Pre made game assets are awesome they allow you to save a ton of time and money when making your game and I highly recommend you use them however they come with risks all of which can be avoided and help you make a professional unique game.
Risk 1: Your game will just be considered an Asset Flip!
Games marketplace are awash with Asset flips these days and with marketplace selling complete games. It’s not really surprising that they receive a bad name.
Asset flips aren’t necessarily bad games, however it would dent their sales and possibly your reputation.
How to avoid being considered an asset flip:
- Don’t use Assets prominently.
When you are using assets you don’t want them to be the things that define your game, avoid the main characters, highly featured enemies large hero pieces of level design. This rule goes double for any promotional material you have, even a sniff of a reconigazinable assets in a promotional trailer will lose you more audience than you recieve.
- Don’t take complete game packs.
It might be tempting to use a completed game as your starting point for a game it mean all you need to concentrate on is tailoring it. The problem you will find is even if you change all the graphics and the story to the game it will be very difficult to make it not feel like the 100 other games using the same starting point
Risk 2: You game style will not fit together well.
If you buy a load of different assets that you like the look of that you think are in the same genre what you are likely to quickly find is something feels a little off. The problem is assets need to match really closely in order to not break the reality of a game. In a triple AAA game you will have art directors and art guides to make things that match really well.
How to make sure your game style fit together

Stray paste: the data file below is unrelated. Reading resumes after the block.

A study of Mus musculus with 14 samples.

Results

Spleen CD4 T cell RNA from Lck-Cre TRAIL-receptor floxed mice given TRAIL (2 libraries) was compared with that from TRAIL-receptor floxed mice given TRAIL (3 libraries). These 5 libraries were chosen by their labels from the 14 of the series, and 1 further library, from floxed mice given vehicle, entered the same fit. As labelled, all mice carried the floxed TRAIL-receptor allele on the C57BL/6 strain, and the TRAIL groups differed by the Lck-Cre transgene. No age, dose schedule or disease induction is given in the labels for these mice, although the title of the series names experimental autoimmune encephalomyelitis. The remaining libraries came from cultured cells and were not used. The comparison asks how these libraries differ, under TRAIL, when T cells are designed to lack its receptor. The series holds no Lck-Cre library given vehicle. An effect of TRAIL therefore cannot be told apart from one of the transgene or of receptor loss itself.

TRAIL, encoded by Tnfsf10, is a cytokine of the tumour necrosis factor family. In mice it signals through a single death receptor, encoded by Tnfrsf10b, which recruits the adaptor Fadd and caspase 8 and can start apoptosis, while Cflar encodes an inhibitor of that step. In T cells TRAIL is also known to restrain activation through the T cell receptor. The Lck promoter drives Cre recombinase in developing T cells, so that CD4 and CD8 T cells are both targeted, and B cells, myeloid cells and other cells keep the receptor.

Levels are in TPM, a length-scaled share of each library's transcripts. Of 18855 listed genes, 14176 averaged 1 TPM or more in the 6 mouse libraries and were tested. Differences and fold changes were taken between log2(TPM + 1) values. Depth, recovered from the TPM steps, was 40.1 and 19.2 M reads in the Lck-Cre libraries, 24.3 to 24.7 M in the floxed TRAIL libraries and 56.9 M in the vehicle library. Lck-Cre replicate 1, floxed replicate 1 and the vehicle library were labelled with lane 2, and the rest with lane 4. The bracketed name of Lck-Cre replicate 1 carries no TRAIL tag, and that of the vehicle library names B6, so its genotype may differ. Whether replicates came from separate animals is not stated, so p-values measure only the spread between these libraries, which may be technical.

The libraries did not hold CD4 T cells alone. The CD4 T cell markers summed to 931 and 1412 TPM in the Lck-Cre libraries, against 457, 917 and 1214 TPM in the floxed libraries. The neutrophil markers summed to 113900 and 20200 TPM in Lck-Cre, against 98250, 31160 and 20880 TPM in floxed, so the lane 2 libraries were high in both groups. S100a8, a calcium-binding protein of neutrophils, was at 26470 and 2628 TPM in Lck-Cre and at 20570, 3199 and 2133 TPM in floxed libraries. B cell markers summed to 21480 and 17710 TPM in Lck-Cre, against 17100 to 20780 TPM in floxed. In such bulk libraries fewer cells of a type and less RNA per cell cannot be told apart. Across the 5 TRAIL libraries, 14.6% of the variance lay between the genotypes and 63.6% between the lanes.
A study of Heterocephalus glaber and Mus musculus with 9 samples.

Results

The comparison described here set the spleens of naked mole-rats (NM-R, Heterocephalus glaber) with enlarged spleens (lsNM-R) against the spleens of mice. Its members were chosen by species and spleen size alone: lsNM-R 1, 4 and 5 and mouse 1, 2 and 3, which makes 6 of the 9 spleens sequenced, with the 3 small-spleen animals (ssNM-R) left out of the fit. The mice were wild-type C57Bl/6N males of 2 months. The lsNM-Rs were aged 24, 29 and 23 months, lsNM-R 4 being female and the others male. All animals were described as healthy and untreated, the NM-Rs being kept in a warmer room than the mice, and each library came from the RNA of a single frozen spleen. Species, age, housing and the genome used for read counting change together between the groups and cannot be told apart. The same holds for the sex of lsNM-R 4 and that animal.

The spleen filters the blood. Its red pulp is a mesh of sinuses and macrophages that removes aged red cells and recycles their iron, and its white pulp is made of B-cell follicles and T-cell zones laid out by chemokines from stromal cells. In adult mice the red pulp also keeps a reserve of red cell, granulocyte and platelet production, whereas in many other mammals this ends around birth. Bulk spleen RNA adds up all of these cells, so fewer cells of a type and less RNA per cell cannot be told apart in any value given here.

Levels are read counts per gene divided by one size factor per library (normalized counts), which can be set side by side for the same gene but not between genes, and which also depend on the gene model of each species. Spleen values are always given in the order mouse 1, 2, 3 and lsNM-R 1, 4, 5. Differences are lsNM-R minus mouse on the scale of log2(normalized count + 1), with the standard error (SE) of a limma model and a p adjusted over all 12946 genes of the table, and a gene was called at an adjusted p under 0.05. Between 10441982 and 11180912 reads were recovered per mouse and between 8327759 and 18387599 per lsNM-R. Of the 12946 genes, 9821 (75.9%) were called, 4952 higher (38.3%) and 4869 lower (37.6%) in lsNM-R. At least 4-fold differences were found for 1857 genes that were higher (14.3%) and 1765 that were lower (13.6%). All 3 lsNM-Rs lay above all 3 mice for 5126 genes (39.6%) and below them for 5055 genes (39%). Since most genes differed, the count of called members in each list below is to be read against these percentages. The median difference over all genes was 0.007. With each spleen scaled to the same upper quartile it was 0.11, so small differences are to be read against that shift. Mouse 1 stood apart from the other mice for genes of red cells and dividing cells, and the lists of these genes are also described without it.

- Pick a common style
When you are selecting a style for your game, some are going to be easier to find complementary assets. The style that would be the easiest is near realistic, this is because everyone how is creating the asset has the same style sheet they are working from reality / something that might be possible.
Things that are incredible stylist like pixel art for example is great because the art is easier to make, however it would be very hard to find matching assets.
- Pick assets from an artist who has produced a lot of complementary assets.
If you have to tie yourself to one style try to make sure there is a lot of assets in that style to select from. For example Dungeon Mason is a good choice since he has created a lot of the pack in the same style:
- Use post processing to make everything fit together.
The Borderland series did a great job of having a very unique look they use a new technique uses hand-drawn textures, scanned in and colored in Photoshop. However this effect can be created by using post processing.
This asset by Aasura-san allow you to create a cartoon effect which has the added benefit of hiding a lot of the minor stylist differences between different asset packs.
RISK 3: Altering the assets will waste a lot of time and leave you with something you do not understand.
Often you will be tempted to buy assets that do functional things inside of a game, such as climbing a ladder, opening a door, or turning on a light. If this function is going to be used often or as part of your core game loop you are going to need to alter them, usually a lot!
If you are going to have to alter them a lot then you need to try and figure out if it is more work to figure out how it works or better to start from scratch. With a well written asset pack it is likely that they added in a lot of features that are not relevant to you but allow it to appeal to as large an audience as possible. These features will make it even more difficult to figure out how to manipulate it.
So this is my system for figuring out if you should use a functional asset or not.
Basically you are weighing up how integral this functionality is combined with the chances major changes would need to be made to them.